Author:Hallward-Driemeier, Mary; Thompson, Fraser; Country:Morocco;
Date Stored:2009/10/20Document Date:2009/10/01
Document Type:Policy Research Working PaperSubTopics:Economic Theory & Research; Microfinance; Labor Policies; Labor Markets; E-Business
Language:EnglishMajor Sector:Industry and trade
Rel. Proj ID:1W-Micro Dynamics And Macro Performance -- -- P104056;Region:Middle East and North Africa
Report Number:WPS5085Sub Sectors:General industry and trade sector
Collection Title:Policy Research working paper ; no. WPS 5085TF No/Name:TF058171-INVESTMENT CLIMATE'S CONTRIBUTION TO GROWTH THROUGH FIRM DYNAMICS AND A; TF090797-MACROECONOMIC EFFECTS OF ALLOCATIVE EFFICIENCY
Volume No:1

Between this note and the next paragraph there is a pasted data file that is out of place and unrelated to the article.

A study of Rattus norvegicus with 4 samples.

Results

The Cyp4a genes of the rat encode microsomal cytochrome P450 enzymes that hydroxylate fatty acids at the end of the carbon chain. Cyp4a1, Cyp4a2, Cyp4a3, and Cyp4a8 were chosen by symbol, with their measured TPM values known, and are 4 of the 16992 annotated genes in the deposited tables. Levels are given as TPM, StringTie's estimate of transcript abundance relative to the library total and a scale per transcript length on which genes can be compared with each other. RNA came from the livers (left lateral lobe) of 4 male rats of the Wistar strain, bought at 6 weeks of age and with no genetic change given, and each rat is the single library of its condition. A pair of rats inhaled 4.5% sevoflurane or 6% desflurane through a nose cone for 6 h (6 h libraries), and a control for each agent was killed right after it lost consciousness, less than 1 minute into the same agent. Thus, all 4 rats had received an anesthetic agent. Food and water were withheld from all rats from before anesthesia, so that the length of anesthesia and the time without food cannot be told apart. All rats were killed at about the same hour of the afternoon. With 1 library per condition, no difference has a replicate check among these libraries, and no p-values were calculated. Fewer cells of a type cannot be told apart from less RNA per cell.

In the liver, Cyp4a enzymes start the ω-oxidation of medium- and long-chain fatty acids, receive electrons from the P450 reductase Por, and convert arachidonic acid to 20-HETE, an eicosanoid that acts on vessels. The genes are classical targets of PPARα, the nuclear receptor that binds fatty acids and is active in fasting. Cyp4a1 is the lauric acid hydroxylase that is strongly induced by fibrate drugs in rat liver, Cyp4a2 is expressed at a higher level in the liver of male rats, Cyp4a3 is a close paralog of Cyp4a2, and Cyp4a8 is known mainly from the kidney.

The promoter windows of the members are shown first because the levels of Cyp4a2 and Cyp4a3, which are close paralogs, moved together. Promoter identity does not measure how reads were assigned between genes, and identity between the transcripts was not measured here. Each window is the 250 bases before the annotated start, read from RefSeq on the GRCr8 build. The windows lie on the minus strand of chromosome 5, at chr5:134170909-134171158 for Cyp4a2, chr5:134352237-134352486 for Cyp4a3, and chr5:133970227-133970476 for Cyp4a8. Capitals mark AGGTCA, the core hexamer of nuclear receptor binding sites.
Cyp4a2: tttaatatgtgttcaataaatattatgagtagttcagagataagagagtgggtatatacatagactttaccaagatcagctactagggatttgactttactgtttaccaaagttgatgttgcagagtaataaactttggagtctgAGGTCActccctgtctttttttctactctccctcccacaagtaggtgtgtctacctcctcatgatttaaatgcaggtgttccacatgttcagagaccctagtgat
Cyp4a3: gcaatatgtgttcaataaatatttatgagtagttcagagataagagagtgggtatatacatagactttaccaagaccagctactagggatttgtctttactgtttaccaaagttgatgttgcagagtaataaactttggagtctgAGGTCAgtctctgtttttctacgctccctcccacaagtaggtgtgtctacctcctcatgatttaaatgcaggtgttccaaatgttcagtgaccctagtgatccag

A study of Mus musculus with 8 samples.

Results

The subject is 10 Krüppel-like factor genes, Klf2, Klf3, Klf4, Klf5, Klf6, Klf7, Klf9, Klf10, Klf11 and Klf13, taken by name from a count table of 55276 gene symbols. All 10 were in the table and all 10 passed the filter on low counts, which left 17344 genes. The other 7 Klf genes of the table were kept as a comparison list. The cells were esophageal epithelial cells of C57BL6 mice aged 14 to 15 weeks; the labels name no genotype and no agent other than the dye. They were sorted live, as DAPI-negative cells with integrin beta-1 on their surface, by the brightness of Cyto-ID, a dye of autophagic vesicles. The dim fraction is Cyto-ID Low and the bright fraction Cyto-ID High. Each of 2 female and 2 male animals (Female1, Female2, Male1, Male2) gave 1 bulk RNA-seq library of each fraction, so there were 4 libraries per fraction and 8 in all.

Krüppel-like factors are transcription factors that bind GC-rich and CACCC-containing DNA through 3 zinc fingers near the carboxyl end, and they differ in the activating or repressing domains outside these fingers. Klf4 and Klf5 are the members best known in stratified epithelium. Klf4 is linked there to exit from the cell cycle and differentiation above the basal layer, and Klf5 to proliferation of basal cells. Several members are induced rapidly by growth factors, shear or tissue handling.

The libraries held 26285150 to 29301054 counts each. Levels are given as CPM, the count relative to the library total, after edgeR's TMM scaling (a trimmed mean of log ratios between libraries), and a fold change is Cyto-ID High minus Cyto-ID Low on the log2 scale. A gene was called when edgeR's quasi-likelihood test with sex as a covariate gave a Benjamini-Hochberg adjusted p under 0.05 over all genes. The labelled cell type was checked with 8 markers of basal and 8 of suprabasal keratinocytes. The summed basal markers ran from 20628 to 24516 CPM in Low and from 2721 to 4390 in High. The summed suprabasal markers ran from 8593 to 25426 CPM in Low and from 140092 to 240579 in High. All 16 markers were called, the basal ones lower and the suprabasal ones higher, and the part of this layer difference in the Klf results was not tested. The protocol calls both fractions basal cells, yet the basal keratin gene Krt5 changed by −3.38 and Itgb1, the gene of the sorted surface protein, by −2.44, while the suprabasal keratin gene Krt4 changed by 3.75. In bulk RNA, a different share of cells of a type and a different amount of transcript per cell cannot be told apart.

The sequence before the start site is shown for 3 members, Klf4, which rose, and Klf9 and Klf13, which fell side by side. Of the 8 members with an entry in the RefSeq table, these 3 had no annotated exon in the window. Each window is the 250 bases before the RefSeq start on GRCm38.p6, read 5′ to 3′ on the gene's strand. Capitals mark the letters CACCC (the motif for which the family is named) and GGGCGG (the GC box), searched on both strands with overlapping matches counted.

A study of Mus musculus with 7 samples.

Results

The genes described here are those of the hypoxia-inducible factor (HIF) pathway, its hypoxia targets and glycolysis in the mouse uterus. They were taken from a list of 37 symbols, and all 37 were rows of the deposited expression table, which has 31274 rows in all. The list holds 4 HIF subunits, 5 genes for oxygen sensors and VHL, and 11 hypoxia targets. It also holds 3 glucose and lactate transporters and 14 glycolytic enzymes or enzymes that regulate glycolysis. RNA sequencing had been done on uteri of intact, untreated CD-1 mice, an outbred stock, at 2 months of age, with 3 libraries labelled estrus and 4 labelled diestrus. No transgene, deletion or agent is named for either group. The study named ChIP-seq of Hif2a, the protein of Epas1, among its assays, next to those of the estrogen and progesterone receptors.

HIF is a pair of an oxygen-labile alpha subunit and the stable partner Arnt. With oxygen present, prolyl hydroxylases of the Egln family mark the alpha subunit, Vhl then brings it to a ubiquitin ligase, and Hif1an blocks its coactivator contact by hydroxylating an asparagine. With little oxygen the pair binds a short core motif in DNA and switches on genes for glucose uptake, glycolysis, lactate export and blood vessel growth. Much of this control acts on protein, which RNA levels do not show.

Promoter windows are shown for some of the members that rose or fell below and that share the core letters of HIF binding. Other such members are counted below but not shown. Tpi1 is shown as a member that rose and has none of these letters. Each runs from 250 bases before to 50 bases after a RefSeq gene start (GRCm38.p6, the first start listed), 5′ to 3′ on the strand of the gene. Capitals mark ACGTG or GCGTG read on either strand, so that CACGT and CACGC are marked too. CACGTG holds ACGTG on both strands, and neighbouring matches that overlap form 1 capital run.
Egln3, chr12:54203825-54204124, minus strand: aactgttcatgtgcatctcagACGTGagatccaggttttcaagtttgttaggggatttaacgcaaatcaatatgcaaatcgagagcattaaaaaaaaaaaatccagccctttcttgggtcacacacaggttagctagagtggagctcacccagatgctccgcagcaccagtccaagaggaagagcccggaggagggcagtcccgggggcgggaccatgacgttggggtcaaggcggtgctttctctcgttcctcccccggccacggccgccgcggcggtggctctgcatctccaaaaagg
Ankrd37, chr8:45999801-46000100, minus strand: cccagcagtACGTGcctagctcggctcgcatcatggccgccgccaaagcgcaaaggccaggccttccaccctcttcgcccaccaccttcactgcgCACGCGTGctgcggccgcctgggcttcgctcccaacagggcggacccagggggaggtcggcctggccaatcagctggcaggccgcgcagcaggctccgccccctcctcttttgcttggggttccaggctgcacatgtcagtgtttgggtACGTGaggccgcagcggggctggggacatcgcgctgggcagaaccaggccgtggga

Summary: How important is firm turnover to national productivity growth? The literature points to the contribution of creative destruction being strongest in more developed countries or where market institutions are strongest. This paper looks at the case of Morocco, spanning 16 years, during which reform initiatives aiming to strengthen market forces were introduced. The paper argues that it is important to take into account i) the timing of how decompositions are structured (capturing the effects of high growth among young firms as part of the benefit of increased entry) and ii) the additional indirect impacts of firm dynamics on agglomeration externalities and competition. The paper shows there are striking differences in the productivity paths of entering and exiting firms compared with incumbents, and that restricting the time horizon of productivity decompositions to the actual year of entry or exit underestimates the productivity effects of turnover. Although it has been hypothesized that conducting decompositions over longer horizons would increase the positive contribution of net turnover, this is not the case in Morocco as losses from exiting firms rise too. Nor has the net contribution of turnover increased with market reforms; if anything, the contribution has declined over time. But the allocation of resources has improved. Both technical and allocative efficiency have risen since the mid-1990s. The paper also shows that firm turnover affects productivity through additional channels. It is closely correlated with measures of agglomeration that are associated with higher rates of exit among unproductive firms, and turnover itself is positively associated with subsequent productivity growth of incumbents.